Driving the bus is easy, but how do I turn on Radio Nova?
As Dublin Bus tries to recruit more women Niamh Towey takes a spin around the Broadstone depot
My Grandad Charlie taught me how to drive before I made my Confirmation.
We spun around the farmyard in Derrinacartha, Co Roscommon, in his Toyota Starlet once a week, never making it past second gear.
One of my abiding memories is him telling me, repeatedly, not to cross my arms while turning the wheel - he also used to say “lock hard” a lot too, though I’ve never really figured out what that meant.
I was thinking of him yesterday when I took my first spin in a Dublin Bus as part of a recruitment campaign to get more women drivers behind their wheels.
Declan Graham has been training drivers here for almost 30 years, and assures me women are wired to be better at it.
“It’s the testosterone, they’re more speedy,” he says about the men. Declan and I would work well together, I could tell.
After a couple of spins around the Broadstone depot in Phibsboro, I realised there are really only two key differences between driving this bus and driving my car: A) My car is not automatic and B) The bus is a good bit bigger.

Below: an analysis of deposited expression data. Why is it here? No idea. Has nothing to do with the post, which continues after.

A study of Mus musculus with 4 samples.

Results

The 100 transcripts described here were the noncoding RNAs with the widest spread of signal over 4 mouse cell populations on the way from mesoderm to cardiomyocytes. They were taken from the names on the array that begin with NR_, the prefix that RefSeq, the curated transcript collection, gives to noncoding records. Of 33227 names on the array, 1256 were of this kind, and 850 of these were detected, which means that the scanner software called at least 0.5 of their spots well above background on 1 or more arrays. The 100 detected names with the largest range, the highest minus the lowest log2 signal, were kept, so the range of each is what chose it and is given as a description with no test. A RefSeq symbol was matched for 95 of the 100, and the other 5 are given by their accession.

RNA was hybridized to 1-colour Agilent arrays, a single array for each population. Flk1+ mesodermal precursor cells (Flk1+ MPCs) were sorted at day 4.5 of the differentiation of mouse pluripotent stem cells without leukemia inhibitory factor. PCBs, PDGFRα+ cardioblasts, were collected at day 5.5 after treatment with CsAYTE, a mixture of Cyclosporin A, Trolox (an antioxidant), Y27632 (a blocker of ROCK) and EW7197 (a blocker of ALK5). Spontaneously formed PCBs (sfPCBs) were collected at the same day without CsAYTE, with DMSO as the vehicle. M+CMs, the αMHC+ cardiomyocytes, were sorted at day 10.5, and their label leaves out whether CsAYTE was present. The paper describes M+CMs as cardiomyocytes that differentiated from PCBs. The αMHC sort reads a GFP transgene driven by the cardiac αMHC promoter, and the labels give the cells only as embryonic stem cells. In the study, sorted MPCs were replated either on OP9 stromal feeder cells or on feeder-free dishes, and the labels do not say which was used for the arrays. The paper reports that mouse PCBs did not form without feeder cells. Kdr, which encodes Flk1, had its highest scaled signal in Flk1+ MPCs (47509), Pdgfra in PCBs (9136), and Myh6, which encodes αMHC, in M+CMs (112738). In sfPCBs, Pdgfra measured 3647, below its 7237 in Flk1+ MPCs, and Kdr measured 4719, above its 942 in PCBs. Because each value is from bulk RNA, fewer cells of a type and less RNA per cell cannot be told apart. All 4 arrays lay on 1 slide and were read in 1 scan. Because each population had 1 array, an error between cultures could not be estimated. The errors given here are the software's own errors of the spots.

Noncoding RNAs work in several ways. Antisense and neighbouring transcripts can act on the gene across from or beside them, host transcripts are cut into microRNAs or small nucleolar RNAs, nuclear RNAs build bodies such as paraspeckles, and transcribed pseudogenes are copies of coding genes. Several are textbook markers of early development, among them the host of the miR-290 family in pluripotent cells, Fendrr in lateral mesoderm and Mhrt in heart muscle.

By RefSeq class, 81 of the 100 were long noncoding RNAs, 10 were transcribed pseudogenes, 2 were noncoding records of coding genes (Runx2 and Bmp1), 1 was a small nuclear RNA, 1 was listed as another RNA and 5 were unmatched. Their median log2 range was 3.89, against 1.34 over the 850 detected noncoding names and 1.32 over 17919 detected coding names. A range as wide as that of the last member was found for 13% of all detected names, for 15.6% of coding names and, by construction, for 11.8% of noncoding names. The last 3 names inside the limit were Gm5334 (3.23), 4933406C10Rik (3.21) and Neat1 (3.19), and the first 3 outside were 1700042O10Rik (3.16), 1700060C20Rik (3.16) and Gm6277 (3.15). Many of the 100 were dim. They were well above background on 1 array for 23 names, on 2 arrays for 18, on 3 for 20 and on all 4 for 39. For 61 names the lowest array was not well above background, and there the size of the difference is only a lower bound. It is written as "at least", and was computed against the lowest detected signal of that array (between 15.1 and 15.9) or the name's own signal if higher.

The rest is a breeze.
In fact, it was so easy that I was left a little bit disappointed. I had hoped for an obstacle course of weaving cyclists and meandering millennials on smart-phones.
I was really looking forward to radioing the head office informing them of a too-long Luas blocking my path. Ha! Silly Luas guys.
There were a number of props missing from this demonstration too, which made for a rather frustrating user experience.
How do I turn on Radio Nova? Why isn’t there a copy of The Daily Star on the dashboard?
Declan never said thanks and stuck up the thumb when he got off the bus. Nobody fell down the stairs when I braked too hard at the imaginary old lady crossing the road.
No wonder Dublin Bus is struggling to recruit women - attention to detail is key for us.
All jokes aside, driving a bus around a tarmacadamed yard really is very similar to driving a car, only the steering wheel is bigger and the risk level higher. Throw in the aforementioned props and I’d imagine that’s where things get a little more complicated.
If you’d like to watch my driving masterclass, we have a video on irishtimes.com - which unfortunately includes footage of me crossing my arms while driving. Sorry Grandad Charlie.